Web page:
A couple of days ago a delegate from a keynote talk I recently gave (see www.getartisan.co.uk) got in touch by email.
By all accounts she had loved the talk. I was pleased about this as her own training work within mediation and collaborative practice is something that I admire and respect.
But there was something else in the email.
Could she give me a “wee bit” of feedback, she asked.
How do we respond to that question?
I felt anxious, suddenly fragile. What does that mean? What did I do wrong? She didn’t like it at all.
What nonsense we tell ourselves when someone offers feedback or critique. We are like the man or woman who blows up a balloon with every good feedback comment, only to find that when we receive a single negative remark that the balloon bursts and we must start all over again.
Fortunately that is a feedback lesson I learnt a couple of years ago from a dear friend and mentor Geo Roberts. It is something I have shared with many groups, together with another excellent feedback lesson – Say thank you, whether the feedback is good or bad.
It was time for me to take my own medicine!
I emailed back and we arranged a time to Skype. We spoke a couple of hours ago as I write this.
I was no longer anxious. I had become the man or woman who piles a shovelful of sand onto this pile of great feedback and, for each negative comment, would simply take one shovelful away from it. Much better.
The feedback conversation itself was a delight – a gift even.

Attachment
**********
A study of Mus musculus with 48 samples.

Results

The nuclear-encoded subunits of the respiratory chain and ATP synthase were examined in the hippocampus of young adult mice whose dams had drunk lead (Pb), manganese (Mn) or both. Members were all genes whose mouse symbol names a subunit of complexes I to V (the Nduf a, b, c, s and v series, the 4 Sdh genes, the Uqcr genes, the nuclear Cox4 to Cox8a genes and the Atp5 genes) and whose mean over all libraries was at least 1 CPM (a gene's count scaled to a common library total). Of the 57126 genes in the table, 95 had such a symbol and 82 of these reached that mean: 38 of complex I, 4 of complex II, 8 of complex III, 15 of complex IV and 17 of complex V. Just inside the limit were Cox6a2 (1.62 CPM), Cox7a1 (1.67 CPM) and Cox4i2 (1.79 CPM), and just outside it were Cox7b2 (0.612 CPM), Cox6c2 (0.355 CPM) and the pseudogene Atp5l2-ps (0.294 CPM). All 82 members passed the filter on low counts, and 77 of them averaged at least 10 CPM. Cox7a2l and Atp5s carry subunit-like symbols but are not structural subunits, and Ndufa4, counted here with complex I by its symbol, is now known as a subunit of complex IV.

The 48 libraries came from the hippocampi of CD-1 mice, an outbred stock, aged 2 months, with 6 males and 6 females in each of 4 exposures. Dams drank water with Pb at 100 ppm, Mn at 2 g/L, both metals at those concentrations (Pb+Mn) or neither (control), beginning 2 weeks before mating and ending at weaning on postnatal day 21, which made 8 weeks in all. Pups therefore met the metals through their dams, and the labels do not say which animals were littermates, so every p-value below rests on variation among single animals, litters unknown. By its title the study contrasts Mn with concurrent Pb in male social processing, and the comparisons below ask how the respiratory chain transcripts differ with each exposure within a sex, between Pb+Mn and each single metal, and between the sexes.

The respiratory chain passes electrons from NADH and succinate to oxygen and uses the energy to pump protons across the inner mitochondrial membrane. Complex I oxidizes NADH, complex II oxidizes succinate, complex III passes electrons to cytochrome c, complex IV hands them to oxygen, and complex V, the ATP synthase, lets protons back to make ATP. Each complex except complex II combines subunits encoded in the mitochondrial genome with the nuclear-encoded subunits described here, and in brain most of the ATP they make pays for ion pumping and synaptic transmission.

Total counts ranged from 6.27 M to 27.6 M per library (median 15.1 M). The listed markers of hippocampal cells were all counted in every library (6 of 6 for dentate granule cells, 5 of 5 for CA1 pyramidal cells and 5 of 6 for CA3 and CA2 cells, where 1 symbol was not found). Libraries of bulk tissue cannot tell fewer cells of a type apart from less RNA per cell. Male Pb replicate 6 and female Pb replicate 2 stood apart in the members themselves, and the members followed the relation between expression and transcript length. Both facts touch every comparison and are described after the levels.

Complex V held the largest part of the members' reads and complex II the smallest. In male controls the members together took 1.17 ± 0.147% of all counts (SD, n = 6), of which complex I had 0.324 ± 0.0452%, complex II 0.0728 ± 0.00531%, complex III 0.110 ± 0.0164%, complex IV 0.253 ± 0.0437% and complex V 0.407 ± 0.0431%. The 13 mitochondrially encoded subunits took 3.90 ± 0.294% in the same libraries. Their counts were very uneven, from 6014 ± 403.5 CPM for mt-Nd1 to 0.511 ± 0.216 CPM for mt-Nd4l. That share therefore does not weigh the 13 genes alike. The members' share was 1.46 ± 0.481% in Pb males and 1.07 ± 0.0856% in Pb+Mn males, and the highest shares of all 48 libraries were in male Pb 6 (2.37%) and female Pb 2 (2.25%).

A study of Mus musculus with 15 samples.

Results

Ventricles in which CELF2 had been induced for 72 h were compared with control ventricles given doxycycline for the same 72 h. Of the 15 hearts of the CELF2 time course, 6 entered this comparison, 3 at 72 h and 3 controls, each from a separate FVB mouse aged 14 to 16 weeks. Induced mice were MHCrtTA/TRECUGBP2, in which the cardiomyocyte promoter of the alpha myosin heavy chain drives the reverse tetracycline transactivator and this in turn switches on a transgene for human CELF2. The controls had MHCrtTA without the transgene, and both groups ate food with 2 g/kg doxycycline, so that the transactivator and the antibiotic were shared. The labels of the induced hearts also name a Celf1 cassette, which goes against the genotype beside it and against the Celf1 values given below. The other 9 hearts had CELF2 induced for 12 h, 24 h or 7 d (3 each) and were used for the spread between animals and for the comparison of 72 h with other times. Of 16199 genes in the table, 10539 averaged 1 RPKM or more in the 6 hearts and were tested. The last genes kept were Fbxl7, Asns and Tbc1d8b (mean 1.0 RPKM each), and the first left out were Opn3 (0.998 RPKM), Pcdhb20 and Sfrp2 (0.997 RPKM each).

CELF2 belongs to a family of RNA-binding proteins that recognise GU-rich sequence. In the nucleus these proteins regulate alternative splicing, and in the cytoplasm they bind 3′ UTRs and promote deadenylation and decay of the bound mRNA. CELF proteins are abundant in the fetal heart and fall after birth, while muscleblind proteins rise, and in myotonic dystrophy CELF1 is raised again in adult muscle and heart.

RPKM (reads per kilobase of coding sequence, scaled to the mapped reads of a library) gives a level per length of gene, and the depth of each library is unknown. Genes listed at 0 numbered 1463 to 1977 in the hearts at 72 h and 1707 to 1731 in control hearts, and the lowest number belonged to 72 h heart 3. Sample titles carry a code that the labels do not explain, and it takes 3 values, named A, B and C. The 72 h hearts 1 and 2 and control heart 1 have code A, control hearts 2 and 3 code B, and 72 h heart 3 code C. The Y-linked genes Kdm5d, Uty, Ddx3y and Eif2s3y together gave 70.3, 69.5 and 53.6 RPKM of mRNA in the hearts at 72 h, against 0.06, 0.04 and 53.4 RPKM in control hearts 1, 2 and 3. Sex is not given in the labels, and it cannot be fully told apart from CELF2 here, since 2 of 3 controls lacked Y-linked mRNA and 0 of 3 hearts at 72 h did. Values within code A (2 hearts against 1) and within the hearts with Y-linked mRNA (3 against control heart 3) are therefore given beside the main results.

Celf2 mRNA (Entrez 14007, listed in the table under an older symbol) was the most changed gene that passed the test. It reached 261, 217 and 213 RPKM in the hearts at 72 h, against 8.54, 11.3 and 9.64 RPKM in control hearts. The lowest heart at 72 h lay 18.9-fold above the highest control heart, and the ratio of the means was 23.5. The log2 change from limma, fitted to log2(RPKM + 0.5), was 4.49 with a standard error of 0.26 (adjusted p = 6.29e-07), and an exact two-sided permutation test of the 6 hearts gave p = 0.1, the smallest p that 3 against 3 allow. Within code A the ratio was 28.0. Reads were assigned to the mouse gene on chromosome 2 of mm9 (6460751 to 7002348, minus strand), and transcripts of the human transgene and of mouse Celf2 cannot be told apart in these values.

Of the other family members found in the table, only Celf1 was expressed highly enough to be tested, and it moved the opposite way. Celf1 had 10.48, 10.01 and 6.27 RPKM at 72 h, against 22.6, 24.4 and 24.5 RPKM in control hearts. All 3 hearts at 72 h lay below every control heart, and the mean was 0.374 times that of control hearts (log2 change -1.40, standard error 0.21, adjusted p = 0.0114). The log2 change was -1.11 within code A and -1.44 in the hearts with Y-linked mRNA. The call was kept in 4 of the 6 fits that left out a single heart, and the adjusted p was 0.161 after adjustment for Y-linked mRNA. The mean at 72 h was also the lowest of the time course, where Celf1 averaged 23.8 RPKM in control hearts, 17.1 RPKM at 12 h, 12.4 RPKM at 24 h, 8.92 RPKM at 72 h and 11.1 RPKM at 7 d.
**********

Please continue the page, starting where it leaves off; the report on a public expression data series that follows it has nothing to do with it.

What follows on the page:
During my talk I named a short list of several leaders within the field I was talking about.
Unwittingly, all of them were men despite the sector being amply populated and led by brilliant female practitioners, many of whom were even n the room! The feedback was absolutely spot on and I am glad that I got to hear it.
I thanked her for it, through laughter that represented a touch of embarrassment but also delight at what had just been revealed to me.
My friend went on to say that she figured that I was a man and it was easier n the heat of the moment up there on the podium to think of men, like me, working in this field. I explained that I am sure she was probably right but that I had been blind to that. I was, and still am, very grateful to her for taking the time, reaching out and stepping into her own discomfort, to make a gift to me of this, her observation.
Feedback, even the challenges, really are gifts. Heaven forbid that we delude ourselves that we cannot improve or that we are perfect.
I am glad that I am not. I enjoy the learning and growth far too much and I am pleased to have the light shone onto those areas where I can improve.